Staff editorial: Students should let presidential candidates involve, inspire them

Early birds have already flocked to the nearest library, county clerks’ offices, stadiums and fire stations to cast their ballots for the presidential primary elections. And with the surge in early voting sessions comes the wave of die-hard campaigners to vie for the delegate-rich Texas, one of the first states to adopt an early-voting program.

This go-round, the University of Houston will get the chance to join in on election madness, as former President Bill Clinton holds a rally for Sen. Hillary Clinton, D-N.Y., from 8:45 p.m. to 10:45 p.m. tonight at Hofheinz Pavilion.

At the event, students will have the opportunity to hear from the former president as he urges voters to hit the polls.

Though most students would rather sit at home and put off homework while catching up on their television shows than attend a political event at UH, students should at least consider going to the rally, especially if they missed Tuesday’s event with presidential hopeful Sen. Barack Obama, D-Ill. (See story, Page 1).

Even students who don’t plan to vote for Hillary Clinton should attend – while voting is important, it does little good if the voter is ill informed about the candidates.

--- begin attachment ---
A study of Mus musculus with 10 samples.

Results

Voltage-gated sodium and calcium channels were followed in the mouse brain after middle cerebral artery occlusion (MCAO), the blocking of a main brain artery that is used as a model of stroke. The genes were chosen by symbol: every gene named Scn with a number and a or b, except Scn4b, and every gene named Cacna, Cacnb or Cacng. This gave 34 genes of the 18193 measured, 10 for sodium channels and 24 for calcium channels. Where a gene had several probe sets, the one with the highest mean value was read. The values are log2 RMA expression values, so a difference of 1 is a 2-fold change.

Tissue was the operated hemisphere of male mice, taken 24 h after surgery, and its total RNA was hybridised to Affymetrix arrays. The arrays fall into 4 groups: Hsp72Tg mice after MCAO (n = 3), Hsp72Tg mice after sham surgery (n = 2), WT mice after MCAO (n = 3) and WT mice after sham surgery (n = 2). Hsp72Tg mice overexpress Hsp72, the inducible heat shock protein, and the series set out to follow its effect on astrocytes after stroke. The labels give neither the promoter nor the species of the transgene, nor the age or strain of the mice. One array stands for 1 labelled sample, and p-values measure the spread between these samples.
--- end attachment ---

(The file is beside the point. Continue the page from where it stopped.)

As Texas’ primary on March 4 serves as one of the biggest prizes left in the race for the Democratic presidential nomination, student attendance at these functions is crucial. No matter which side of the political spectrum students are on, they should show concern for the election.

For too long the number of young voters making it out to the polls has remained low. This may be because members of the younger generation of eligible voters feel their votes don’t count or as if they aren’t knowledgeable enough to make an informed vote, but whatever the case, students should make every attempt to become informed and take advantage of their right to vote.

According to The Houston Chronicle, early voters accounted for nearly 40 percent of the votes in the 2006 Senate race, and students should be the first to get the ball rolling on casting their early ballots.

So get your homework out of the way, cancel your dates and make sure to stop by Hofheinz Pavilion to hear what Bill Clinton has to say about presidential hopeful Hillary Clinton. Be inspired for her or against her, but most importantly be inspired to vote.

If we’re lucky maybe we’ll even get to see him play his sax.